Three former Bank of America employees have accused the bank of lying to customers to prevent them from successfully applying for the Home Affordable Modification Program (HAMP), forcing them into foreclosure. While foreclosures can have devastating consequences for those who lose their homes, for the Bank of America it was allegedly a more lucrative option than the government-sponsored alternative.

The former employees gave their testimony during a civil lawsuit brought by some of the borrowers affected. They claim managers ordered employees to lie to customers by claiming that they had not received documents needed for the application, and that a regular "blitz" was carried out in which documents were destroyed so that applications had to be restarted. The aim was to profit from trial repayments made during the application process, while delaying the process for so long that borrowers were forced into foreclosure. They claim that bonuses of $500 were given to employees who put more than 10 accounts into foreclosure in a month.

There is something shocking about this cynical behavior from one of America’s best-known financial institutions. This is not the behavior one should be able to expect from an established financial institution, nor even the over-boisterous willingness to cut a few corners one might expect from a younger organization hungry for profits and success. If these allegations are correct, managers at Bank of America must have known that they were gaining profit as a direct consequence of bringing misery to many of their customers.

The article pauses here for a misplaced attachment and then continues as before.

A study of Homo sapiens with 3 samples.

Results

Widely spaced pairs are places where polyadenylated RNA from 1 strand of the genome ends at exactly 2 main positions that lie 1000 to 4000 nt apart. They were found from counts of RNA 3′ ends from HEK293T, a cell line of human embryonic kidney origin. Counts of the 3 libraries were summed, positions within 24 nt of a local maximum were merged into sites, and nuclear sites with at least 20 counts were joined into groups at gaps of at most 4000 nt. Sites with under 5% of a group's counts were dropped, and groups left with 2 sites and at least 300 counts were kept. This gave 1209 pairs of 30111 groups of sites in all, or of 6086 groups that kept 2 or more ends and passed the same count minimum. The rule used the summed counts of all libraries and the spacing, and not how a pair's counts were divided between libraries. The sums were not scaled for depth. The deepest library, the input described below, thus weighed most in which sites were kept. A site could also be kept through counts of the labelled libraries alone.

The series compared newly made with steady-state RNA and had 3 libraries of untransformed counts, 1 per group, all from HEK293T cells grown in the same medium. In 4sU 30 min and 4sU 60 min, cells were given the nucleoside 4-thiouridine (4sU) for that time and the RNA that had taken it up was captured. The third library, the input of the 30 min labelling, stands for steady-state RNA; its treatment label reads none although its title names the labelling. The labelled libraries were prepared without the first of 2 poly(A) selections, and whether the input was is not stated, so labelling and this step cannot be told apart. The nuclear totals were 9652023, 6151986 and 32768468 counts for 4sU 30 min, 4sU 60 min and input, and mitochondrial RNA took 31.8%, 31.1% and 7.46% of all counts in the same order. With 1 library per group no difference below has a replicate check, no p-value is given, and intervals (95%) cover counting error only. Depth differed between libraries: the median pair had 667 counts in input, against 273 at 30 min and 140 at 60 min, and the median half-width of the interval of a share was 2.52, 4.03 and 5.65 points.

If it is found that the bank has broken the law it must be punished. There will no doubt also be hand-wringing from the "Something Must Be Done" club, who will argue for more regulation in order to bring financial institutions into line.

This is, indeed, the latest in a long line of scandals that have wracked large financial institutions in recent years. There have clearly been issues with the culture in many of these institutions, which have proved themselves willing to take excessive risks and play fast and loose with the law. Employees at all levels have been lured into behavior that is risky for others but not for themselves by reward schemes that give bonuses to those who bring short-term profits, and not those who act to avoid long-term losses. Meanwhile illegal or unethical practices seem to have become accepted in some institutions thanks to a corporate culture that has failed to temper the drive for profits with an ethos of individual and corporate responsibility.

However, further regulation is not the answer. The dawn of the HAMP scandal shows that government attempts to mold the industry to fit with a social agenda will not necessarily achieve the results aimed for, and may even be exploited by unethical businesses. There is a very real danger that ethical businesses would pay the costs of greater regulation, while the less scrupulous will yet again find a way to twist the situation to their advantage.

Outraged voters should not be looking to government to solve this one. Instead they should remember that they are consumers too. Just as in a democracy citizens can use their ballot cards to “throw the rascals out,” so in a free market they can use their hard-earned dollars to get rid of the corporate rascals. However established a corrupt institution might be, it could not survive long if consumers decided to turn their armchair outrage into action and take their business elsewhere.

America’s consumers have all the power they need to bring corrupt businesses into line. Once they remember that, America’s grand corporations will soon discover that having a conscience pays.